30 May 2013Bermuda analysis

Committed to staying ahead of the game

To make certain that Bermuda remains the jurisdiction of choice for both the captive industry and international businesses more generally is the promise of the Hon. Craig Cannonier, the Premier of Bermuda. He says that as other jurisdictions, including some US states, increasingly promote themselves as captive domiciles and introduce favourable regulations and tax breaks in some instances, it is important Bermuda stays ahead of the game and does everything it can to ensure it remains a market leader in this field.

“We have the largest concentration of captives in the world,” says Cannonier, who has been Premier since December 2012. “We are the world leader in the market and we want to ensure we maintain and build on that success.

“To achieve that, we must evolve with the industries that are so important to us. The dynamics of international business can change overnight and we cannot predict how things might change in the future. All we can do is remain vigilant and proactive. We are planning ahead by 10 to 15 years in terms of the way we remain competitive both on the regulatory front and towards ensuring we have an attractive business environment more generally.”

Bermuda is the biggest captive domicile in the world. Latest estimates suggest it has around 960 registered captives, representing some 20 percent all such vehicles globally, with more than 40 countries domiciling captives on the Island.

Cannonier notes that while Bermuda’s regulatory environment represents the biggest draw for businesses generally and the captive industry specifically, he can also highlight some of the other benefits the Island offers business visitors.

Because Bermuda also boasts such a concentration of insurance and reinsurance companies—a sector in which it is also a world leader—he says there is a critical mass of talent and expertise on the Island, something that can make doing business even more efficient for companies.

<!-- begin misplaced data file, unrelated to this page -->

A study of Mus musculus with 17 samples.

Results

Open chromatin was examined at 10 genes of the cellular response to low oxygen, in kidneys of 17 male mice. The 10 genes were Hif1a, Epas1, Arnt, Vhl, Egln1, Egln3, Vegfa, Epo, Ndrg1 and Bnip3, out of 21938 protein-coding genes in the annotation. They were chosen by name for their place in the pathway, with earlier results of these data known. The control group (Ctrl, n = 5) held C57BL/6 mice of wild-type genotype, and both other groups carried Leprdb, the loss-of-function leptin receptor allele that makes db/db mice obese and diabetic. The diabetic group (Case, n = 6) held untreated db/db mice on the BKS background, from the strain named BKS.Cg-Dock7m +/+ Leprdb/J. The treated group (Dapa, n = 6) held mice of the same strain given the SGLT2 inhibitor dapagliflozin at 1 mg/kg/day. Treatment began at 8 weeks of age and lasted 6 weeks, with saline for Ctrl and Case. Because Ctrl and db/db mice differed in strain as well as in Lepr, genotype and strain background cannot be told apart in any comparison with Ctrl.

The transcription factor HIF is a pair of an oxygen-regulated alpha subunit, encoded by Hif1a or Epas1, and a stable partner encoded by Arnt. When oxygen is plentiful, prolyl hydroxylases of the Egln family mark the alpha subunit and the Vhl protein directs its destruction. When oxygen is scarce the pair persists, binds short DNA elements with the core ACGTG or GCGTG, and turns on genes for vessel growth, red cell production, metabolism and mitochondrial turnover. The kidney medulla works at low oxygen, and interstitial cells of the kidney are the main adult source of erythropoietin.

“We represent a one-stop shop for some areas of business—you can literally walk door to door here and find world class expertise and intellectual property within a tiny geographical area. That is not something you easily find elsewhere.

“If you domicile your captive in a US state, for example, you might be working with a lawyer in another country and an accountant somewhere else. Here, you can find every type of expertise you need within Hamilton—in one city and all within a short walk of each other. That goes a long way when we are attracting business.”

Bermuda continues to be positioned as the “insurance risk capital of the world”, says Cannonier, largely thanks to its long established tradition as a pioneering jurisdiction that rapidly embraces and exploits innovation. Rating agency Fitch recently rated Bermuda as the ‘top choice’ for the convergence market, further cementing the Island’s credentials in the insurance and capital markets space.

Cannonier says international business generally is vital to the Bermuda economy, representing as much as 70 percent of GDP for the Island. “Many years ago, tourism was our main contributor to the economy; now, it is insurance and finance.

“It is a major part of the economy and employs thousands of people,” he says. “It is my job to ensure it continues to thrive and we continue to attract new business to Bermuda. It is vitally important we remain the domicile of choice.”

He adds that a principal objective of the new government is to promote the growth of the economy by providing the highest level of service to Bermuda clients. The government is fully committed to the goal of maintaining and building on Bermuda’s excellent reputation, by streamlining governmental processes to ensure responsiveness to client requirements.

The Premier says that Bermuda is also looking at ways of strengthening its position in other sectors such as international banking and hedge funds. “The Bermuda Monetary Authority (BMA) is globally recognised for its high standards and cutting-edge regulatory regime and this strength can be applied to other parts of the banking sector.”

He also notes that it is very important to the government and regulator that Bermuda remains recognised as being committed to “closing the safety net” around things such as fraud and tax avoidance. “It is also important for people to understand we deal only with legitimate business, and we have one of the best regulatory regimes in the world,” he says.